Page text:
NASA Missions

Investigating NASA Space Missions

Grade: 6-8

Subject Integrated: Science, Social Studies

In this lesson, students will learn about different NASA space missions: what, who, when, where, why, how, results, now.

Students will be able to design a model or construct a presentation that explores one of NASA’s space missions in its historical context.


  • Any materials student would like to use to construct their model
  • Computers for research
  • PowerPoint for presentations

Learning Activities:

    a) Instructional Materials and Resources

    b) Procedure
    • Teacher asks the class if they have heard of any NASA missions/what they did.
    • Teacher will write each of the missions the students have heard of on the board.
    • Teacher should have previous knowledge on NASA and NASA’s missions (research websites listed below prior to teaching lesson). It’s okay for the teacher to admit that he/she isn’t sure about a particular mission—the classroom is a learning community, the teacher being an active learner along with everyone else.
    • Students are given time to turn to a neighbour and talk about NASA and the missions.
    • Teacher will re-ask the questions about NASA and the missions.
    • Students will be given an opportunity to research on chromebooks or computers to see what they can discover.
    • After 15 minutes of researching, students are to choose to work in partners or choose to work alone and begin claiming different NASA missions.
    • To reduce competitiveness and increase a breadth of learning, students should not choose the same mission, unless they are working together.
    • Students are responsible for the Who, What, Where, Why (including historical context), When, How, Results, and Today to be answered.
    • Students can choose to do a write up, slideshow, create a model, or find another teacher sanctioned method of demonstrating what they learned about the mission.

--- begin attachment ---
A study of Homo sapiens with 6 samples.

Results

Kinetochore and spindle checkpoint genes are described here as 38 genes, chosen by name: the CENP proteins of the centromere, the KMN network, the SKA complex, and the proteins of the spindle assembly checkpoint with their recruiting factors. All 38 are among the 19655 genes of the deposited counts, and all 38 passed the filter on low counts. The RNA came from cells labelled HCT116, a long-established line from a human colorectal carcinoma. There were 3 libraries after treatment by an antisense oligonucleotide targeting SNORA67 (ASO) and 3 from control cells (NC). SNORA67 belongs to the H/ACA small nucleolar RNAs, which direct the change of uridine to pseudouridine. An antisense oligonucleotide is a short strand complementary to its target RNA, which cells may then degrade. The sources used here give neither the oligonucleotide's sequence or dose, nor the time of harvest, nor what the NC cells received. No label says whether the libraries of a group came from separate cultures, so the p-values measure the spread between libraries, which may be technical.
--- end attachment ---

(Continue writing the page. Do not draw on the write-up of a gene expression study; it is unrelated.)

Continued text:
c) Instructional Groups
  • Lesson will be taught to the class as a whole with small group instruction as

d) Discussion
  • What is NASA?
  • What does NASA stand for?
  • What are some of NASA’s missions of the past?
  • What are some of NASA’s current missions?
  • Did any NASA missions have a historic context of why it happened?

e) Assessment
  • Formative assessment will be used when students are collecting information about their mission.
  • Teacher will guide students to plausible answers if they are having trouble.
  • Teacher will take notes on students with trouble with the skills for further assistance.
  • The teacher will assess the students’ based on their completion of the assignment and participation in the discussion.
  • Optional: Rubrics can be made to score the writing portion of the activity – summative assessment.


    a) Ending the Lesson
    • Students will present their PowerPoints, models, or other demonstrations of learning.
    • Students are to include what, who, when, where, results, today about their NASA missions.

    b) Evaluating and Reflection of the Lesson
    • Evaluation of lesson will be done by thorough formative assessment and summative assessment.
    • Teacher will observe to make sure each student understands the concept introduced in the lesson.
    • Teacher will make sure all requirements and guidelines are met by giving specific instructions to students who struggle with the skills.
    • Teacher will self critique on what worked well and what did not work well in the lesson.
    • Optional: Rubrics can be used for evaluation of oral presentation, writing piece.


  • NGSS: MS-ESS1-3. (supportive fit) Analyze and interpret data to determine scale properties of objects in the solar system. (fine print: Clarification Statement: Emphasis is on the analysis of data from Earth-based instruments, space-based telescopes, and spacecraft to determine similarities and differences among solar system objects)
  • NGSS: D2.His.1.6-8.9. (strong fit) Analyze connections among events and developments in broader historical contexts.

Teacher References:

The content was developed at Albion College by Professor Nicolle Zellner (Albion College Department of Physics) and Victoria Della Pia (Albion Elementary School), with educational oversight by Melissa Mercer-Tachick (Muse Consulting). To develop these lesson plans and assessments, Victoria Della Pia was supported by a grant from the Foundation for Undergraduate Research, Scholarship, and Creative Activity at Albion College.